Friday, September 26, 2014

"Godzilla" (2014)

A few critics have complained about the new Godzilla movie. Either they lament the fact that Godzilla barely features (His role, time-wise is only about as big as Sandra Brody, who dies in the first scene), or they grouse about the failed attempts to make this a “realistic” monster movie a la “Batman Begins.” Mostly, people have complained that there is no active, heroic character. And, admittedly, Ford Brody is a pretty passive—if mobile—hero.

(He reminds one of last year’s hero in “World War Z” a composite of multiple of characters in the book, who travels all over the world in unbelievably quick fashion. Here again we have a single human witness to a disaster spanning half the globe.)

I contend, however, that the real story here is exactly that… one of human limitations. This is a very un-Hollywood approach to disaster and survival. Sometime we humans have to sit and watch while the world around us becomes unmanageable. Some things are beyond us.

This is clearly conveyed in the opening scene. The power plant is breached and automated systems are about to lock away the dangerous radiation. However, Joe Brody (our apparent hero at this point in the film) orders them switched to manual override so that he can ensure his wife, Sandra (who is inside the plant) will get out.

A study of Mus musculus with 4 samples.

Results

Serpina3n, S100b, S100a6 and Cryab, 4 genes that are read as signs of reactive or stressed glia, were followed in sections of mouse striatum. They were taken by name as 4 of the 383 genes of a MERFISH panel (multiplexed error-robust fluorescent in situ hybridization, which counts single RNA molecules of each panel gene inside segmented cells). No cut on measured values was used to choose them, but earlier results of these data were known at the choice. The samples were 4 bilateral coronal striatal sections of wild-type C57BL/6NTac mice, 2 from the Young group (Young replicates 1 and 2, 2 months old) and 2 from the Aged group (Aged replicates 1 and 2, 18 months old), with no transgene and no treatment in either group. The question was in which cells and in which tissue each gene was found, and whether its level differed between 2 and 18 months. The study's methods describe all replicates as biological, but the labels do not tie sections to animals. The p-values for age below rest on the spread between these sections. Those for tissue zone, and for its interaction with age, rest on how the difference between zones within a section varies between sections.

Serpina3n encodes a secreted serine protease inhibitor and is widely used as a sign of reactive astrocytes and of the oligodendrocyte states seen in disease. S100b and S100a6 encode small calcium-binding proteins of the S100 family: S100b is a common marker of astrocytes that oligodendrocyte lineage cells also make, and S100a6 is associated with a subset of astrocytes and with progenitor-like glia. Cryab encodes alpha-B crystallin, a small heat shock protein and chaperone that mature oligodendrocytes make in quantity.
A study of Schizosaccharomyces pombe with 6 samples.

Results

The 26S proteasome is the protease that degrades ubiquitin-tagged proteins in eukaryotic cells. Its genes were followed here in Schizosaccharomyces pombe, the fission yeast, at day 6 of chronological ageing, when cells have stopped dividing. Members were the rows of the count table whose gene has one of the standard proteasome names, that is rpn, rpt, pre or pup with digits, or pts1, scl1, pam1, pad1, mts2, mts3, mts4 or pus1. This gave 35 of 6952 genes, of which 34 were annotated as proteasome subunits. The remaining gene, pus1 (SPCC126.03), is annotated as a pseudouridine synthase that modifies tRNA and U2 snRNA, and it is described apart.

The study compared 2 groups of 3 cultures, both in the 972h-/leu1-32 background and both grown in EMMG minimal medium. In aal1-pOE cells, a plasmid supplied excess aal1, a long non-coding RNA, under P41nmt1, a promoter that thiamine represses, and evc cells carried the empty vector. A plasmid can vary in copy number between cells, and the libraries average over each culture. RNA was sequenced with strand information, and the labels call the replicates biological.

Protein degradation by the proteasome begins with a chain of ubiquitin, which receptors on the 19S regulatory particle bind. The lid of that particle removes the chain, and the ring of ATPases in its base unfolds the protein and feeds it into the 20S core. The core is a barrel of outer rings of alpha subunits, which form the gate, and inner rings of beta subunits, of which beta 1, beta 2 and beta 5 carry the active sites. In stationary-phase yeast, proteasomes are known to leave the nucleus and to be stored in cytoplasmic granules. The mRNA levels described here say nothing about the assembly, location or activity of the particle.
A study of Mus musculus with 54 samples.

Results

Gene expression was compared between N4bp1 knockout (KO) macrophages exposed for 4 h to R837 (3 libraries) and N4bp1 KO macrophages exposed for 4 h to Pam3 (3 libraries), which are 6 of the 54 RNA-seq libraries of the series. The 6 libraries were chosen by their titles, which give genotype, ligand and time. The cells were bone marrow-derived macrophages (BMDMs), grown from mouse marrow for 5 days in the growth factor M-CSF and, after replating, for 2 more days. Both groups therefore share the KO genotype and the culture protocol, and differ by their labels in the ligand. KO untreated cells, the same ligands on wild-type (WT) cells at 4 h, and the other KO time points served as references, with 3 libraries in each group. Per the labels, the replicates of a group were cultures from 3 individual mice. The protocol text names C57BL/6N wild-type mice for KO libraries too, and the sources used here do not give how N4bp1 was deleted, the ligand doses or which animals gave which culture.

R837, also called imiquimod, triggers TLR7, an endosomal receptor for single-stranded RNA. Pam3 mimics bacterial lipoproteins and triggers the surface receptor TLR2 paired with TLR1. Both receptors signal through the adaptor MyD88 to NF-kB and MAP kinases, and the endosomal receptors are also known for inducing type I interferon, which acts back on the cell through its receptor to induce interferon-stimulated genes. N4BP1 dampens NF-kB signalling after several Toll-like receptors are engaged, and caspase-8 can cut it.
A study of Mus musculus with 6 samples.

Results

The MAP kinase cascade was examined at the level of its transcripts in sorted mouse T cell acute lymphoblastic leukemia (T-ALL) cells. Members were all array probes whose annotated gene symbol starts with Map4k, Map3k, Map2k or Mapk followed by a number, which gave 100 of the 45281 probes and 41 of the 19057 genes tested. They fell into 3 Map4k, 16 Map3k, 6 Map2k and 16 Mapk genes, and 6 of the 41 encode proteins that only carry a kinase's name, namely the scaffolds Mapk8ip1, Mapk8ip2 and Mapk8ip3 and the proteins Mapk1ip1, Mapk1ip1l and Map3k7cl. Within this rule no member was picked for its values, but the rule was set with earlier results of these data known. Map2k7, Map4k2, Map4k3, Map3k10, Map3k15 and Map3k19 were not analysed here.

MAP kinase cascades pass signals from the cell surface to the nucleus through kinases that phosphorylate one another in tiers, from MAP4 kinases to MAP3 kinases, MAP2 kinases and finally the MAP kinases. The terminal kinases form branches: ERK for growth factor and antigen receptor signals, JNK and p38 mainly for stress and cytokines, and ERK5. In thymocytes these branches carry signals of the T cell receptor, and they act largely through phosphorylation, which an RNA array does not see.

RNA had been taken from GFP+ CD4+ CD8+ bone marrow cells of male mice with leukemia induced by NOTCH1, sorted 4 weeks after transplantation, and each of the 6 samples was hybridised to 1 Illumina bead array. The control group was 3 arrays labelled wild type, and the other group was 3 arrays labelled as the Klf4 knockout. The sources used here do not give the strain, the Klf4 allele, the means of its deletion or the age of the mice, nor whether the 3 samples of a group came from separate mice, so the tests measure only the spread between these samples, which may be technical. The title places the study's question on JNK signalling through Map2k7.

Our Hollywood expectation would be for a close call, but a heroic rescue of the wife and the town. Instead, Joe is forced to do what the automated system would have done anyway. He helplessly must lock the radiation—and his wife—away. He cannot change the circumstances, the disaster that faces him. He is not powerful enough.

The whole film continues to explore this theme. When giant monsters threated town after town, the military and scientists are powerless to stop them. Any efforts they undertake to do so only make matters worse. In the end, the main scientist diagnoses the problem: humanity ultimately can’t control nature. In this case they have to let it run its course and hope that nature’s answer to the problem (a bigger monster) will leave humanity standing in the end.

This is a similar theme, on a spiritual level, to the fiction of Charles Williams. Williams repeatedly had his characters face problems too big for them to handle and had them have to trust God to take care of things in the end. Usually with a lot of sacrifice accompanying the trust along the way.

And, while this film is surely trying to be an environmentally-themed one like its 1954 forefather, this reading would say that it failed. At least from a global warming alarmist perspective. Or maybe it has an altogether different environmental message. Where many today are calling for political approaches to “fix” all the damage they claim we have caused, this story exposed the arrogance and naiveté such perspectives contain. Nature is a lot more powerful than we give it credit for—or can handle.